Is Drug Resistance in Humans Coming From Chickens?

There’s a new paper out in the CDC’s journal Emerging Infectious Diseases that makes a provocative claim: There is enough similarity between drug-resistance genes in  E. coli carried by chickens and  E. coli infecting humans that the chickens may be the source of it.

If it is correct — and it seems plausible and is backed by past research — the claim provides another piece of evidence that antibiotic use in agriculture has a direct effect on human health.

Here are the details:

The paper is a collaboration by researchers from several hospitals in the Netherlands, plus the Netherlands’ National Institute of Public Health and Environmental Protection, the University of Birmingham and a section of the UK’s National Health Service. They isolated E. coli from patients in four Dutch hospitals over 2.5 months in 2009, and compared those with E. coli strains isolated from randomly chosen supermarket meat that was bought in the hospitals’ local areas during the same time period. They compared both those sets of isolates against a third set, of E. coli from blood cultures taken from patients in the hospitals during the same months.

In each set of samples, they were looking at the E. coli to see whether they harbored genes for the type of resistance known as ESBL, for “extended-spectrum beta-lactamase,” an enzyme that denatures a category of drugs used for serious infections that occur mostly in hospitals. When the extended-spectrum beta-lactams no longer work, only a few last-resort drugs are left. (Back in the 1980s, the most common genes for ESBL were blaTEM or blaSHV, but in the past 10 or so years there has been a rapid global increase in the occurrence of a different ESBL gene, blaCTX-M.)

Here’s what they found:

  • Out of 876 patients tested by rectal swab — because E. coli is a gut bacterium, carried in and spread by feces — 45 (5 percent) harbored ESBL genes.
  • Out of 31 blood cultures in the hospitals’ labs, 23 (74 percent) contained ESBL genes.
  • Out of 262 meat samples, 79 (30 percent) harbored an ESBL gene. Broken down by type of meat, there was ESBL in 80 percent of the chicken samples, 5 percent of the beef, 2 percent of the pork, and 9 percent of ground or otherwise mixed meat.

When they broke down the organisms by type, they looked like this. Note the amount in each pie chart that is given over to the ESBL genes blaCTX-M, and the significant correspondence of blaCTX-M-1 in red.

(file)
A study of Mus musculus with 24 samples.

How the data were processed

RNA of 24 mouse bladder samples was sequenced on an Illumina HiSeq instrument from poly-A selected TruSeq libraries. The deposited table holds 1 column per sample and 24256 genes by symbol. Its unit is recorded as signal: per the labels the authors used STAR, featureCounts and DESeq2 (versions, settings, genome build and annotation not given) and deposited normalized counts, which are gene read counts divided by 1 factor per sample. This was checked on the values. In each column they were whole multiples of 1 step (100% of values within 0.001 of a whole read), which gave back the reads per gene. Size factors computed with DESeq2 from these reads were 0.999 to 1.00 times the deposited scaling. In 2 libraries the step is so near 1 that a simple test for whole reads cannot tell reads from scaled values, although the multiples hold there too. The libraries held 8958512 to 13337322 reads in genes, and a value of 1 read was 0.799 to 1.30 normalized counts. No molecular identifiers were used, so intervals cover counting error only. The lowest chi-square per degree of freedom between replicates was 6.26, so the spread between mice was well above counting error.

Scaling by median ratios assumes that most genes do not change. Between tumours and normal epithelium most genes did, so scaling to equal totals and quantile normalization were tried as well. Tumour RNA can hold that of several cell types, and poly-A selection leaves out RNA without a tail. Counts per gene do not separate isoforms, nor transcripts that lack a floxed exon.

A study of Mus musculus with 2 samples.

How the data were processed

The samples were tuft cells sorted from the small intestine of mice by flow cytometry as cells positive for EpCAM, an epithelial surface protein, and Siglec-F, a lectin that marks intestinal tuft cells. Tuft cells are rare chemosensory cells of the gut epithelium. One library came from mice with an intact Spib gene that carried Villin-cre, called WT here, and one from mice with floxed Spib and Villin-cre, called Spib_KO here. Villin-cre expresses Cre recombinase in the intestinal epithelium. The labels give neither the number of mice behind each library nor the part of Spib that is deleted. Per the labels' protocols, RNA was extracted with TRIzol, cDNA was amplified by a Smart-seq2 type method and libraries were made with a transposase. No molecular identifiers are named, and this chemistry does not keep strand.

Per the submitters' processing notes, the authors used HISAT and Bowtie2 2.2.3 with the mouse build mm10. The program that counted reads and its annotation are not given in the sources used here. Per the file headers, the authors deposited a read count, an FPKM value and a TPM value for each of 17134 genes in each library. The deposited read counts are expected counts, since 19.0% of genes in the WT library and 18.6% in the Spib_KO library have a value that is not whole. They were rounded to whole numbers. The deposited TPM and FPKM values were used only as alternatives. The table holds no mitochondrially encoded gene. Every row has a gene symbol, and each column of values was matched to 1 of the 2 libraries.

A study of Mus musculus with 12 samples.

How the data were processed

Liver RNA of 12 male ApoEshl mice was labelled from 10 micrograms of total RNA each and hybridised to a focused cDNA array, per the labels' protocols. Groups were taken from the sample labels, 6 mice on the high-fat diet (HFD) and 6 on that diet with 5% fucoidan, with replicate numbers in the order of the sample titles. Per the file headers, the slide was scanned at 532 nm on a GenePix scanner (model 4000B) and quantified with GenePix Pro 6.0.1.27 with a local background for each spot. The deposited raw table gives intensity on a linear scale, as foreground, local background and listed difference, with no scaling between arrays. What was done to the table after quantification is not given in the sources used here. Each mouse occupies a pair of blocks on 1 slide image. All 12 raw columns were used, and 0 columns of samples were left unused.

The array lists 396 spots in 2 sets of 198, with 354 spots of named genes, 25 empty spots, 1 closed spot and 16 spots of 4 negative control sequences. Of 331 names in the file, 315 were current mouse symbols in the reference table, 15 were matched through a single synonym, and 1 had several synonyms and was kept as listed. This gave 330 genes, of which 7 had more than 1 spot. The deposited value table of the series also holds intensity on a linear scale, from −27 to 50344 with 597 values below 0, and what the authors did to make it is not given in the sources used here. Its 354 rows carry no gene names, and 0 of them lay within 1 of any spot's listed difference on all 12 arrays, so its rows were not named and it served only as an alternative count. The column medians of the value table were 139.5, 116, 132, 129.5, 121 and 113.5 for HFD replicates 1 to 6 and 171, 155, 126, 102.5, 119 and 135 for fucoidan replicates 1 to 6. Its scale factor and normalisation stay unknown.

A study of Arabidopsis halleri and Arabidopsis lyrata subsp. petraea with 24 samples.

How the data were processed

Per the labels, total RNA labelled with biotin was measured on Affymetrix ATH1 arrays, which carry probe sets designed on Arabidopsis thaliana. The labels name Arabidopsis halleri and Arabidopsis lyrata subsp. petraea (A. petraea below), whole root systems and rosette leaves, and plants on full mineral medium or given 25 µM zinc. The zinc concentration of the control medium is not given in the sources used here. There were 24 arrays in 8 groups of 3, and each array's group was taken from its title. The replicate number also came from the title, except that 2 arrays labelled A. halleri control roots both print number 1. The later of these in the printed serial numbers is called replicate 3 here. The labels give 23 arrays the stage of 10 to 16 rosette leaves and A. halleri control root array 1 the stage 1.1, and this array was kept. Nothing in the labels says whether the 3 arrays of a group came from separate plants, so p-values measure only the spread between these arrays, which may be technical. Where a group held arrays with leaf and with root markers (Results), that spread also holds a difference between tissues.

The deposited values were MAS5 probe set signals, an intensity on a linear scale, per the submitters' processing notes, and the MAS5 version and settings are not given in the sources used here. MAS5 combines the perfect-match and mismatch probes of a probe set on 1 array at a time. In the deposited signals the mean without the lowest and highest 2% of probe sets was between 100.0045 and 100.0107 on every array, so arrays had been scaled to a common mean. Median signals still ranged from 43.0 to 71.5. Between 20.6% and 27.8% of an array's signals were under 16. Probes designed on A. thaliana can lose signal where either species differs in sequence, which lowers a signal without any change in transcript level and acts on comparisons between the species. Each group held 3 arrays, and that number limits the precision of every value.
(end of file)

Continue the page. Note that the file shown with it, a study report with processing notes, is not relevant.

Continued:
When they put the genes through a second level of genetic analysis, multi-locus sequence typing, 57 percent of the rectal specimens and 57 percent of the blood cultures were closely related to the strains in the chicken meat.

There’s an important backdrop to this research. The Netherlands has one of the lowest rates of human antibiotic resistance in the world, thanks to especially stringent infection control and drug-conservation policies. Paradoxically, it has the highest rate of antibiotic use in agriculture in Europe. As a result, when something starts to move into humans, it is easier to distinguish, because there is no “background noise” of high rates of hospital and community drug resistance such as there are in the US. And because there are no competing resistance factors from other sources, it is easier to identify and explain.

Thus, the researchers can comfortably say:

We conclude that the high rate of ESBL contamination of retail chicken meat in the Netherlands, which involves many of the same ESBL genes present in colonized and infected humans, is a plausible source of the recent increase of ESBL genes in the Netherlands. The similarity of E. coli strains and predominant drug resistance genes in meat and humans provides circumstantial evidence for an animal reservoir for a substantial part of ESBL genes found in humans.

If something about this research sounds familiar, it’s because a similar study was published a few months ago, also from the Netherlands, with a partially overlapping analysis: chicken meat and blood-culture records, but no swabs from simultaneous patients. That study too found a high degree of correlation between ESBL-containing organisms in humans and in chickens.

These findings won’t come as a surprise to anyone who accepts — as most good science and a number of public health authorities do — that antibiotic overuse in large-scale farming creates drug-resistant organisms that affect human health. The question, for those who don’t accept such a link, is: How much evidence is enough?

(Footnote: In addition to being published in EID, this study was also presented by Dr. Jan Kluytmans, the senior author, during the World HAI Forum taking place this week in France. I’ll have more on the HAI Forum in a future post.)

Cite: Overdevest I et al. Extended-spectrum β-lactamase genes of Escherichia coli in chicken meat and humans, the Netherlands. Emerg Infect Dis. 2011 Jul.